From the frozen waters of the Arctic to the sun-warmed Pacific, artists find inspiration at sea.
by Cynthia Close
Artists are curious by nature. And the search for inspiration can extend beyond land to the less chartered environments experienced at sea. A marine-based artist residency allows you to discover how the journey can be as exciting as the destination.
Exploring Climate Change
Climate change concerns and a compassion for all living things are the driving forces behind Vermont artist Sally Linder’s work. And she felt a particular sense of urgency concerning the plight of the polar bear. This led her to contact National Geographic and ask if she could travel along with their scientists, photographers, journalists, and Inuit trackers on their Arctic-bound ship to see the effects of global warming first-hand. She joined a group of travelers whose participation supports the work of scientists on the Lindblad Expeditions, which take citizen explorers to remote areas like Antarctica and the Galapagos.
During the Arctic expedition, Linder sketched polar bears with one hand while holding binoculars with the other. She was struck by the intense 24 hours of light, the deep silence, and absence of people. Since that first trip, she has traveled three more times by ship to both the Arctic and Antarctica. The powerful impact of these experiences show in her drawings and paintings of the barren landscape and poignant plight of the polar bear.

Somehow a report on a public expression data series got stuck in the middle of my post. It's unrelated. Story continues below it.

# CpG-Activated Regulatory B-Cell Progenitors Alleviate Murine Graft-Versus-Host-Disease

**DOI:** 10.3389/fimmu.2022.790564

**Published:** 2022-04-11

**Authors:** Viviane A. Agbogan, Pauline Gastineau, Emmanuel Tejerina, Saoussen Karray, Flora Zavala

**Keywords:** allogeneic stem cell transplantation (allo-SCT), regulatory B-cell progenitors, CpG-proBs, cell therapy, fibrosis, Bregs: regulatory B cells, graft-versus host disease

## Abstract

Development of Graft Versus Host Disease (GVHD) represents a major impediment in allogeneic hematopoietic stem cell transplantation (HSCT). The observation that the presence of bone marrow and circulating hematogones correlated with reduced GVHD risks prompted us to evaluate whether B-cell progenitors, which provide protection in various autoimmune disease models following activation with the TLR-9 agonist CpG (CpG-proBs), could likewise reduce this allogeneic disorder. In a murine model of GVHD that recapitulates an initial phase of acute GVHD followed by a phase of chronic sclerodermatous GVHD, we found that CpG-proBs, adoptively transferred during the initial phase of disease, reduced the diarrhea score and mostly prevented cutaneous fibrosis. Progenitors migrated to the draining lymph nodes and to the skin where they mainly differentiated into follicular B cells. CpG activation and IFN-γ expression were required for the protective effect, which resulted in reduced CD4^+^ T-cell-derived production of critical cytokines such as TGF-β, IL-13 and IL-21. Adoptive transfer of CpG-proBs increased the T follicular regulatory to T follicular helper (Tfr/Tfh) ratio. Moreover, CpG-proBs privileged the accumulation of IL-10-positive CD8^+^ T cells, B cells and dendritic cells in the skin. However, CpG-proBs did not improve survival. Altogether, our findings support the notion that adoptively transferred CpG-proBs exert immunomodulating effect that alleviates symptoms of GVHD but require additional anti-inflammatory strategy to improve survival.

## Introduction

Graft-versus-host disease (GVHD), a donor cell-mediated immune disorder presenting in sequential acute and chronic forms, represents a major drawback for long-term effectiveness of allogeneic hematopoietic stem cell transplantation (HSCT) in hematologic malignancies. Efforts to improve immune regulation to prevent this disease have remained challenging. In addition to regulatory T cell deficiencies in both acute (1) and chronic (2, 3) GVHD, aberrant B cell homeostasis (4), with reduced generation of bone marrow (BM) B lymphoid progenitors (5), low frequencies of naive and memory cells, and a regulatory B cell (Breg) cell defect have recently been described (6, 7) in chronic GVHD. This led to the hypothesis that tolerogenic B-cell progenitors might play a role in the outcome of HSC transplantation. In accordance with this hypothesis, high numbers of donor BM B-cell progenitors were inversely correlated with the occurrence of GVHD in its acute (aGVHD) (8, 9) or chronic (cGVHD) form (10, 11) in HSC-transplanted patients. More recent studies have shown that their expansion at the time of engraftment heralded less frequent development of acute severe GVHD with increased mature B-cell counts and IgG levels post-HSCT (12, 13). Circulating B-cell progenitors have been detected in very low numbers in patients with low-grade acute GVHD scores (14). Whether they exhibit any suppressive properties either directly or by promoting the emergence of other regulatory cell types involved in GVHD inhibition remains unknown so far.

Together, artists and scientists can bring a deeper understanding of the ocean to the public. The non-profit Schmidt Ocean Institute actively seeks artists from all disciplines for their Artist-at-Sea program. Sailing takes place on the Falkor, a cutting-edge oceanographic research vessel. Artists work side-by-side with crew and scientists, studying life as it evolves from sea level to the ocean floor. And their informative website live streams happenings on board. Watch dives to deep-sea coral canyons off the coast of South West Australia to the Cape Range Canyon in the Eastern Indian Ocean.
If a ferry is more your speed, check out the Alaska-based Island Institute residency onboard the Sitka. In 2017 the Institute’s director Peter Bradley created a nomadic artists residency, dubbed Tidelines Journey. Five artists travel the 3,500 miles of southeast Alaska’s Marine Highway via ferry boat. Along the way travelers visit towns and isolated villages. The boat tour, led by artist Nina Elder, fosters new ways of thinking about place, nature, and community. Elder’s motto, “Let curiosity lead” seems like a fitting directive for all artists, not only those seeking inspiration at sea.
Cynthia Close, of Burlington, Vt., earned an MFA from Boston University and worked in various art-related roles before becoming a full-time freelance writer and editor. She contributes to Art New England and Art + Object, among other publications.